A court uneven

October 03, 2002

PRESIDENTS HAVE almost always used their power to appoint federal judges to help burnish their political legacies. They stack the courts with like-minded jurists whose lifetime tenure far outstrips anyone's hold on the White House.

So it's no surprise that George W. Bush has seized his opportunity with great zeal. Time and again since Mr. Bush captured the White House in 2000, the Senate -- which must approve judicial appointments -- has been faced with nominees whose politics veer distinctly to the right, and whose judicial records often reflect that.

For the most part, that's the way things go, and there's not much point in continued Senate foot-dragging or obstinacy.

But one of Mr. Bush's nominations -- that of South Carolina District Judge Dennis Shedd to the 4th U.S. Circuit Court of Appeals, which covers Maryland and four other states -- goes beyond the acceptable boundaries for a president putting his political stamp on the judiciary.

Judge Shedd's appointment to the 4th Circuit would push the nation's most conservative appeals bench even further outside the legal mainstream for decades to come. It would dig more potholes along an already rocky legal road for minorities seeking redress for discrimination, women in search of the protection of long-established reproductive rights, workers whose employers trample labor laws and even criminal suspects who just want to be read their rights before being carted off to jail.

As much as presidents, being politicians, have the right to pick judicial nominees they agree with, don't they also have a responsibility, as leaders, to secure at least a modicum of judicial balance?

The Senate Judiciary Committee should make that point to Mr. Bush next Tuesday, when it is scheduled to vote on Judge Shedd's nomination. A firm "no" would suggest to the president that the 4th Circuit needs more moderates, not hard-liners.

The 4th Circuit has been described by some legal scholars as a vanguard for issues that conservatives would like to see the Supreme Court revisit. It consistently issues opinions that conflict with prevailing law among the other appeals circuits, forcing the high court to weigh in.

The 4th Circuit tried to replace Miranda vs. Arizona -- which requires that criminals be read their rights before being arrested -- with a federal statute that provided less protection. (The Supreme Court overturned that decision.)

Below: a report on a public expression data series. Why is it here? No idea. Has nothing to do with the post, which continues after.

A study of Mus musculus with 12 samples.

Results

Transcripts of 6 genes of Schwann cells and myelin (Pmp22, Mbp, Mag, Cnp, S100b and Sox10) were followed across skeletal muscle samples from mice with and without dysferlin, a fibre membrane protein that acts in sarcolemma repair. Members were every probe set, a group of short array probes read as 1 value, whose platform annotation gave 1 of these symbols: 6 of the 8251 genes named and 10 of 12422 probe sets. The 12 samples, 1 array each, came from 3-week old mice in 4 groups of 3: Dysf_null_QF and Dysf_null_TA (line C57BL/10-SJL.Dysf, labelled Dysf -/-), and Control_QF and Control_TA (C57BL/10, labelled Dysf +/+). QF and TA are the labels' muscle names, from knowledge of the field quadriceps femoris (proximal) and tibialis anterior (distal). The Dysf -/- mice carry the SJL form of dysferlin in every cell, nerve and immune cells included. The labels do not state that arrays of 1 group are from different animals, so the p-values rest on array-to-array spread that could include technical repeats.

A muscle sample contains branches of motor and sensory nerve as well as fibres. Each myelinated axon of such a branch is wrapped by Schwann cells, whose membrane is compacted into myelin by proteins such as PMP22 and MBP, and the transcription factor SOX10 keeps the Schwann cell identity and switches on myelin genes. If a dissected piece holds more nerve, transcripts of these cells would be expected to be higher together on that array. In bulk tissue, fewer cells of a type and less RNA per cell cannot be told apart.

The bench has repeatedly tried to place restrictive limits on a woman's right to terminate a pregnancy. It was one of the only benches to uphold a state ban on late-term abortions.

Civil rights cases strain to find sympathetic ears with the 4th Circuit, even in the most blatant cases. Big tobacco found friends on the 4th Circuit willing to challenge the Food and Drug Administration's attempts to regulate the industry. And the 4th Circuit has been called the "black hole" of death penalty cases, based on its near-universal practice of affirming even the most questionable capital convictions.

Judge Shedd would only solidify the court's lopsided foundation.

In 11 years as a judge, he has yet to rule in favor of a plaintiff in an employment discrimination case. Judge Shedd has found for the plaintiff only once in sexual harassment cases in which summary judgment (a judge-issued verdict before trial) was requested.

Judge Shedd's decisions have helped make it easier for states to dodge compliance with the Family and Medical Leave Act. They have consistently sided with defendants in personal injury, product liability and malpractice cases. (In one instance, he dismissed a lawsuit against the South Carolina Department of Social Services by a woman whose child died in foster care.)

Judge Shedd is a conservative, like the majority of the justices on the 4th Circuit -- which, in theory, shouldn't matter.

But in practice, these judges' politics not only influence but seem to guide their decisions. As much as any bench in the country, this circuit needs a moderating influence to balance the will of its majority.

And it's not as though there haven't been chances to add moderation to the bench.

Five times since 1995, former President Bill Clinton nominated middle-of-the-road jurists to the 4th Circuit, seeking a better balance. But the Senate Judiciary Committee -- then controlled by Republicans and notably North Carolina Sen. Jesse Helms -- wouldn't even grant any of those nominees a hearing.

Now, the Senate is close to rubber-stamping Judge Shedd, whose views and judicial record are decidedly more tainted with political considerations than any of the Clinton nominees. How much of a conservative majority would be enough for Mr. Bush? Isn't it time for some parity?

Maryland would also be a big loser if Judge Shedd were confirmed. While there are only two justices on the 4th Circuit from our state, Judge Shedd's appointment would bring South Carolina's total to five -- fully a third of the entire court. And the last nominee Mr. Bush considered from Maryland was actually a D.C. lawyer who didn't even belong to this state's bar.

No one expects Mr. Bush to nominate Democrats to the bench. But nominees such as Judge Shedd make the judicial appointment process more nakedly political than it needs to be -- and they tarnish, rather than polish, the legacy Mr. Bush is hoping to build.